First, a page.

Microsoft and Adobe keep quiet over rumoured merger


Both Microsoft and Adobe have kept tight-lipped about any possible merger between the two software giants.

The rumour mill went into overdrive after a report from the New York Times suggested Microsoft chief executive (CEO) Steve Ballmer and his Adobe counterpart Shantanu Narayen held a secret meeting.

During the talks, Ballmer and Narayen were believed to have discussed taking on Apple, in particular in the smartphone market.

One option vocalised was a possible Microsoft acquisition of Adobe, it was reported.

"Adobe and Microsoft share millions of customers around the world and the CEOs of the two companies do meet from time to time," a statement from Adobe read.

"However, we do not publicly comment on the timing or topics of their private meetings."

At the time of publication Microsoft had not responded to a request for any information on a possible Adobe acquisition.

Ballmer is currently on a European tour and he has already given a lecture in London to extol the virtues of cloud computing.

He also reportedly kept tight-lipped over any merger or plans to take on Apple as part of an initiative with Adobe.

Earlier this year a feud between Adobe and Apple broke out after the latter effectively banned Flash from its products.

The squabbling appeared to have come to an end when Steve Jobs' company took down the barriers preventing Flash from running on devices such as the iPhone.

Microsoft, of course, competes with Apple in various markets, from operating systems to mobile technologies.


Richard Edwards, Ovum principal analyst, said a merger between Microsoft and Adobe would be driven by the need to make a splash in the mobile sector.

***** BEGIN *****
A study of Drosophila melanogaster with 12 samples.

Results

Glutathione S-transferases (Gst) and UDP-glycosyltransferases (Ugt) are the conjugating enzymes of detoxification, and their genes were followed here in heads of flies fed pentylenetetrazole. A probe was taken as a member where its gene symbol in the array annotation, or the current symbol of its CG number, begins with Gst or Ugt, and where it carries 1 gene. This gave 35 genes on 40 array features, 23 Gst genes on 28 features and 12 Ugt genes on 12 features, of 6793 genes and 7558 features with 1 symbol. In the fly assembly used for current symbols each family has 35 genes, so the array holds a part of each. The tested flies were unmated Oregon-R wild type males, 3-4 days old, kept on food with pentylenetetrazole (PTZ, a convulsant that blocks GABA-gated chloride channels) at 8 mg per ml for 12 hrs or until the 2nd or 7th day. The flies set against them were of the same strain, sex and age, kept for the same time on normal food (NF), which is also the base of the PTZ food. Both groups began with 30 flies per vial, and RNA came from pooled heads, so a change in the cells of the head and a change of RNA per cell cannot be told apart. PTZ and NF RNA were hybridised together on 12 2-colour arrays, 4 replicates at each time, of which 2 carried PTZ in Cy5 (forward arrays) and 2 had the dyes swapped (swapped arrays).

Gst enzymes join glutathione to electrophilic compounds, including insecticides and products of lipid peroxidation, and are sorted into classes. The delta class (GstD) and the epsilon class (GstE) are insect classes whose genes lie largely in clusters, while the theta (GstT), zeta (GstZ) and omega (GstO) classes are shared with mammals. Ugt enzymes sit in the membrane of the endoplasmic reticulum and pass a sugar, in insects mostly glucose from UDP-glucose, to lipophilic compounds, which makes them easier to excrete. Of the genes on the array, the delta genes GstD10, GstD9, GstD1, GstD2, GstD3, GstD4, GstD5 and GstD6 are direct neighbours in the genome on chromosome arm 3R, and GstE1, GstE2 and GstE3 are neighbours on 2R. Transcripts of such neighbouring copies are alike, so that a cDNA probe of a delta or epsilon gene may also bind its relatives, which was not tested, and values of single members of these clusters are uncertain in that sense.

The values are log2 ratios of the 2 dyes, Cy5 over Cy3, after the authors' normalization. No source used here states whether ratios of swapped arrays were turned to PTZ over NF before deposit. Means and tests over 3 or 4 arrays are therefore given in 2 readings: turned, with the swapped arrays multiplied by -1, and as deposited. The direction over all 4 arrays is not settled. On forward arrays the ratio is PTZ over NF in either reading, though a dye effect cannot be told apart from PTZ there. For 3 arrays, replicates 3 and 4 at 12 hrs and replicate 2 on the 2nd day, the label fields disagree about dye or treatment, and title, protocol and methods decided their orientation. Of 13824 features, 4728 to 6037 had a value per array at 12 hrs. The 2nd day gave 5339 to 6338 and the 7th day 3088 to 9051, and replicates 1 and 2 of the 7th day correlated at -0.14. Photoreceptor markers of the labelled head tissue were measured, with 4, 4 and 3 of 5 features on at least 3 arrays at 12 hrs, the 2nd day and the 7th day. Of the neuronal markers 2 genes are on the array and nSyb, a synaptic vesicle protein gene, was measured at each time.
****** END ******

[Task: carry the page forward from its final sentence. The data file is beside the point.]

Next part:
"The mobile apps business is now the place to be for software development companies, and Microsoft and Adobe have yet to make any real or significant impact in this market," Edwards said.

"If the two companies were to merge then it would have to be the mobile apps market driving the deal, as this is where both companies need to score big time."

An acquisition would strengthen Microsoft's standing in the "prosumer" market and enterprises would benefit if Adobe LiveCycle - the company's back-end business integration platform - was fully integrated with Microsoft SharePoint, he added.

Tom Brewster

Tom Brewster is currently an associate editor at Forbes and an award-winning journalist who covers cyber security, surveillance, and privacy. Starting his career at ITPro as a staff writer and working up to a senior staff writer role, Tom has been covering the tech industry for more than ten years and is considered one of the leading journalists in his specialism.

He is a proud alum of the University of Sheffield where he secured an undergraduate degree in English Literature before undertaking a certification from General Assembly in web development.